Interview: Warren East, CEO of chip designer ARM

ARM chief discusses the growth of machine to machine technology,  patent wars and why he hopes the company will stay independent

Warren East, CEO of chip designer ARM, discusses the growth of machine to machine technology,  the on-going patent wars and why he hopes the company will retain its independence.

It seems there is no stopping ARM, with the company having recently posted a 23% jump in profits to £66.5m for the three months to June in its recent unaudited results.

According to CEO Warren East, the market for embedded microprocessors was around 30 billion in 2011 – which includes mobile phone chips– with ARM’s share of that market 30%. By 2016 that figure is expected to be 40 billion.

“We will see how many will be ARM flavoured, but obviously I’d hope it would be more than 30%," he said.

“Our share has gone up in increments each year, but we do not want to set any goals,” he said. “But to accrue close to 50% of that market [by 2016] would not be unrealistic," he told Computer Weekly at the UKTI British Business Embassy ICT Summit.  

The competition

With recent forays from Intel into the mobile chip space, is he concerned that the chip giant could be looking to steal market share away from ARM?

“Intel chips are getting designed into a few phones and it is moving into that space.  But even if its technology is just as good [as ours] it will be one of 12 companies [in that space] and therefore I don’t see why it would get more than 5-10% of the market share.”

Microprocessors for mobile devices are a very tech demanding environment for computing, he says. Batteries have only doubled in power while staying roughly the same size over the last ten years, but during that decade mobile computing power has seen a 100 times increase in power.

“We’ve become more efficient at making microprocessors,” he says. “There has been a symbiotic relationship between the semiconductor and mobile industry. Without innovation in semiconductors we wouldn’t be talking about a 100 times increase in computing power [in the mobiles].”

The increasing presence of machine-to-machine technologies, which use embedded microprocessors,will make up the so called future ‘internet of things’. But East expects the initial growth to be slow. “Over the next five years I’m not expecting there to be much take up – the opportunity will be over the next decade.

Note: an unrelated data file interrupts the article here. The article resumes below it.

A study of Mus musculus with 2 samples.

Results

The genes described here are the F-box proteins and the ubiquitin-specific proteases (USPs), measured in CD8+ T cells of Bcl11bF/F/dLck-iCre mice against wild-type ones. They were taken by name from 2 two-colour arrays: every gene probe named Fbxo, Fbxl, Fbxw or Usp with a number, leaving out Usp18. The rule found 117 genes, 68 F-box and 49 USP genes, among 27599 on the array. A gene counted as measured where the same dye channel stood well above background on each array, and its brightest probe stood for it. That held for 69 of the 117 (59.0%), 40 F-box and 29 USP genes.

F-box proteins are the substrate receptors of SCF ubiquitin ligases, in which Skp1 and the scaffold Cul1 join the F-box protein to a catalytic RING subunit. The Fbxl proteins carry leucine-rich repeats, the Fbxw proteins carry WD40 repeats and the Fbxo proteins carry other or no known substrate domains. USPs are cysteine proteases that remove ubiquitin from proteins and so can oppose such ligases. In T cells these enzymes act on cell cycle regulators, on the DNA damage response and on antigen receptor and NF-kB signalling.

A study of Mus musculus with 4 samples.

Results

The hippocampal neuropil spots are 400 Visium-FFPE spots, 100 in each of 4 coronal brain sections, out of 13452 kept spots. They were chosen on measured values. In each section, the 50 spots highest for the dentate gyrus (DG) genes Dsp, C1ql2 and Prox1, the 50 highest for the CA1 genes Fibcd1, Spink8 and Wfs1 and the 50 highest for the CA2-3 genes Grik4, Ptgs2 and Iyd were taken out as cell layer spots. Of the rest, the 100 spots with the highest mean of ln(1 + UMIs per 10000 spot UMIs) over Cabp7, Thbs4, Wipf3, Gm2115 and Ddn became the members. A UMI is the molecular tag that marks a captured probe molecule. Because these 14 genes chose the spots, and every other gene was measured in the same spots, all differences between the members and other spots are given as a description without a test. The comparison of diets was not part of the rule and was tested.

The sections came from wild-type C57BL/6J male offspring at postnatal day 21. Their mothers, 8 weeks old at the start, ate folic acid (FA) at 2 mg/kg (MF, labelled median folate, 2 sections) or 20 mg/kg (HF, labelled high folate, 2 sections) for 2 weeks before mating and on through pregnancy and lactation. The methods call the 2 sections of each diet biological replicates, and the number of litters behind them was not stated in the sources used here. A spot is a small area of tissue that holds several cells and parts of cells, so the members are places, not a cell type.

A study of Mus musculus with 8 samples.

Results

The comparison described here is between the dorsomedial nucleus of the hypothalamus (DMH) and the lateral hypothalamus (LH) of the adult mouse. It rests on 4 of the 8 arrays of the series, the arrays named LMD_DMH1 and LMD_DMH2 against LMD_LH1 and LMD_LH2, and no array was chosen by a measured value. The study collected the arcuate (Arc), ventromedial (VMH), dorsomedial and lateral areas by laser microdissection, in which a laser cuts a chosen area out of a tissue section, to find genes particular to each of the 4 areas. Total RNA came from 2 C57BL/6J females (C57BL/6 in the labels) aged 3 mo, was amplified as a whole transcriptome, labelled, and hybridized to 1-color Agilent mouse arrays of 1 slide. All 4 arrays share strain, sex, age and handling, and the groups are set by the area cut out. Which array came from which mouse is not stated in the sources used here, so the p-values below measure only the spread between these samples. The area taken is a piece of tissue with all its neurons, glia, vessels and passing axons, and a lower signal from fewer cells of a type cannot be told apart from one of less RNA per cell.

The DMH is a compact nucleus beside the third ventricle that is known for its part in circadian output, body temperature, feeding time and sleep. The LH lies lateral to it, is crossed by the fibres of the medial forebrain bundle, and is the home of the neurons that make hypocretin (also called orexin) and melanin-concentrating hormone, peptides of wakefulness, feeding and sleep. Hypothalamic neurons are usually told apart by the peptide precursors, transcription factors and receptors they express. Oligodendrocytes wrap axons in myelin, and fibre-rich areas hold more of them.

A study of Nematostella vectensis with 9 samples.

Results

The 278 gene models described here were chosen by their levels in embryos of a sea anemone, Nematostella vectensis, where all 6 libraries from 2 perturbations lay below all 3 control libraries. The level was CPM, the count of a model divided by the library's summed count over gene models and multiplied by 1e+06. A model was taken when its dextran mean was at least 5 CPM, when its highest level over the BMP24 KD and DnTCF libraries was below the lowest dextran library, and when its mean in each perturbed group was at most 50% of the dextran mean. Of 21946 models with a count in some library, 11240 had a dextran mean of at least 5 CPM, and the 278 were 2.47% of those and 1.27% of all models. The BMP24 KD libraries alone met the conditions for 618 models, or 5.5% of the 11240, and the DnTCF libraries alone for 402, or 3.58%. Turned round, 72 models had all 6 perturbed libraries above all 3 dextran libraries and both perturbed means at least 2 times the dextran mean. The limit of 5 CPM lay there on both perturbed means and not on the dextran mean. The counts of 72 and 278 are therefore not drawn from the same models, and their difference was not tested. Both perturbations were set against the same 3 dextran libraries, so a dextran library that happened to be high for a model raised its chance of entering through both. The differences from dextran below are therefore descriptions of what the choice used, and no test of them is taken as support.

“Actually technology does move slowly,” he said. “We have barely started in terms of our market presence.

“Mobile computing will continue to be the dominant share of the business,” he said.

“There is a huge opportunity to make infrastructure more efficient, using the same sort of mobile processors we use in mobile phones.” For instance, HP's Moonshot project, uses ARM-based processors to make servers more energy efficient.

Trolls and startups

Clearly intellectual property is crucial to ARM’s business model, so what does he think of the increasing number of patent wars?

“Trolling is a problem, where people exploit [existing] patents when their business has moved on,” he said. This issue of patent continuation needs to be addressed, but he said the major challenge for reform is aligning different global legal systems.

East says he is upbeat about the UK’s technology sector, as technology company are emerging across the country - although he says there is still some way to go.

“We are leaders, not just in the UK but on a global scale,” he said. “But you need to remember we have been doing this for 20 years. There are emerging companies in Bristol, Cambridge and Tech City – but we are not quite there yet.

“Some of our larger companies have been taken over by international corporations, but it is a hard world out there and that has nothing to do with them [being in the UK].  Also, it’s encouraging that someone saw fit to buy them!”

As the last standing large British technology company, is there any credence to speculation that ARM will go down the same route of Autonomy and get taken over by a large US multinational? “Rumours come up on a continuous basis,” he said.

“I believe being independent is best for us and best for the industry that we serve,” he said. “That said we are a public company so anything might happen.”